Salesforce has showcased its “Customer Success Score”, which aims to engage individual functions with the broader customer experience.
The innovation launched at Dreamforce 2023, where Salesforce also unveiled its Einstein 1 platform.
That platform offers the ability to tap various data streams and enable new cross-cloud workflows.
Yet, it also posed a tricky question for customers: where do I start?
Consider a Salesforce admin in charge of Service Cloud. They must think about building those cross-cloud workflows to benefit marketing and sales.
That’s where the Customer Success Score comes in. It helps Salesforce champions look out across clouds and outside of their functional expertise.
It does so by pulling together telemetry data, telling users: How am I using my platform?
Making this point, Rebecca Wetteman, CEO & Principal Analyst at Valoir, told CX Today:
The Success Score shows us: where are the opportunities for value that my business is not capturing? And how should that influence how I think about training, user adoption efforts, utilizing certain functionalities – or whatever it is – so I can maximize value?
Indeed, Salesforce condenses all that information into a dashboard, with a primary score based on three cohorts of data and metrics. These are:
- How effectively the business has adopted and is using Salesforce products.
- How customer experience functions consume the available Salesforce resources.
- The overall health of the Salesforce implementation.
Business leaders may dig into each cohort to learn more while receiving “actionable and personalized” recommendations to improve their “Salesforce success”.
These recommendations come in a view that shows customers: here are your opportunities, here is how much you’re using the software, and here is what you need to do to get better.
Salesforce Makes Customer Experience a Team Sport
The advent of the Customer Success Score showcases how Salesforce encourages function leaders from service, sales, and marketing to think outside of their box.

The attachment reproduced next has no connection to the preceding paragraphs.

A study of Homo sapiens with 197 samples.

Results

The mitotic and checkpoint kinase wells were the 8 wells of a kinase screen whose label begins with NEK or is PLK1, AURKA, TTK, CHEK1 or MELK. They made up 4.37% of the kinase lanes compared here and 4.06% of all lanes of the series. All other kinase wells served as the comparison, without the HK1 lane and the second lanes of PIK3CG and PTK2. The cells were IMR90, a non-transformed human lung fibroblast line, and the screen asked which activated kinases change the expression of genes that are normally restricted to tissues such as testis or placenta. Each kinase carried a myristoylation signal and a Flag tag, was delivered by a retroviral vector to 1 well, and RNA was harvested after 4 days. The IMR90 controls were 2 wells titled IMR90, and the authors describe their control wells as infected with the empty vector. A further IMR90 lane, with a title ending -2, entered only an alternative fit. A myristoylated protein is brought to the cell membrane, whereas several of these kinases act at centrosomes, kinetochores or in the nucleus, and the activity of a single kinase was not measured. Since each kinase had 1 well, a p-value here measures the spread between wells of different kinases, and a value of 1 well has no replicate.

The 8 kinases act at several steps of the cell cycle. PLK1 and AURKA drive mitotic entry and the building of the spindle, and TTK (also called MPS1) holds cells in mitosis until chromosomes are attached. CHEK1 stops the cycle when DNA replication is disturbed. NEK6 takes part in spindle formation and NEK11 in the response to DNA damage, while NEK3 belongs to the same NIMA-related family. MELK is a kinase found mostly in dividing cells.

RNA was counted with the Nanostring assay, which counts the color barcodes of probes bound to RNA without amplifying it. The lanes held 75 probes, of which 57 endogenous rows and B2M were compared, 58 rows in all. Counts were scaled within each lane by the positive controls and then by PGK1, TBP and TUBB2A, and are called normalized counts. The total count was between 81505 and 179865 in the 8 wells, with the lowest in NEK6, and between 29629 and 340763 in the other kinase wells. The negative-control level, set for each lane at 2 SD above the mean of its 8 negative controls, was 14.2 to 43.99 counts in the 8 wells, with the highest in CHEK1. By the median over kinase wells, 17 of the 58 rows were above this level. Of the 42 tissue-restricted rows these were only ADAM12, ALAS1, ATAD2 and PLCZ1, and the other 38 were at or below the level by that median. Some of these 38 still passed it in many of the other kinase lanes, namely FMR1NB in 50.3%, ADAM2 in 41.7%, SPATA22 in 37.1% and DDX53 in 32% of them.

Its Einstein 1 Copilot innovation – also announced during Dreamforce – offers another example of this, according to Liz Miller, VP & Principal Analyst at Constellation Research. She stated:
What I wanted to stand up and cheer about was Salesforce’s ability to show how Copilot not only helps the individual but how it also helps that individual fit into a broader customer experience strategy.
Consider the Copilot inside of Service Cloud. Yes, it suggests customer responses, offers next best action recommendations, and auto-summarizes customer interactions. But it also filters that summary back through to the broader business.
So, for example, the original seller on that account can see the customer’s sentiment and consider how that could influence their sales approach and renewal activities.
Moreover, marketing may see trends in what’s driving positive and negative sentiment and have that influence their future endeavors.
Salesforce is weaving this all together.
“GenAI can do a lot to improve functional workflows,” continued Miller. “It’s the cross-functional flows that are really tricky to do. API, microservices, JSON, all of these are great. Yet, it’s still difficult to connect all these things – and that’s what Salesforce is thinking about right now.”
Airkit – the low-/no-code self-service experience designer that Salesforce snapped up last week – fits seamlessly into this environment.
Sure, service teams will most likely utilize the tool. However, sales can use it to automate enrollment, and marketing may implement bots to present customers with discounts.
These are just two examples that show how Airkit will not just sit in one function. Thanks to Salesforce’s broader view – the CRM leader can enable its cross-cloud value.
Customer Experience Measurement Becomes More Prescriptive
Another fascinating aspect of the Customer Success Score is how it challenges conventional customer experience measurement.
Indeed, Salesforce follows the likes of Genesys – with its Experience Index – and NICE – with its Industry Benchmarks solution – in giving businesses AI-driven, targeted advice on where they can improve. Such an approach is less reliant on numbers and more prescriptive.
For instance, the Success Score gives actionable guidance to businesses when implementing systems alongside recommendations for improvements in solutions already rolled out.
In doing so, Salesforce more actively supports customers in addressing the gap between the reality of a Salesforce deployment and the picture of Nirvana it paints during its Dreamforce events.
Of course, the pessimist’s view is that the CRM leader and its fellow providers may use such measures to have customers utilize further aspects of the platform – which may increase their bills.
But, especially in the case of Salesforce, it’s more likely an endeavor to ensure customers use what they’re already paying for. An effort to ensure no app is left under-utilized.
That has proven a problem for the CRM leader, as an analysis of its recent price hikes underlined.
Yet, in leading this charge, Salesforce can support customers in moving beyond benchmarking and towards a tangible roadmap for improving business, employee, and customer outcomes.
Capture more insights from Rebecca and Liz on Einstein 1 and other Dreamforce news as they join Michael Fauscette, Founder, CEO & Chief Analyst at Arion Research, Dan Miller, Lead Analyst and Founder of Opus Research, and myself on an upcoming episode of our CX BIG News Update.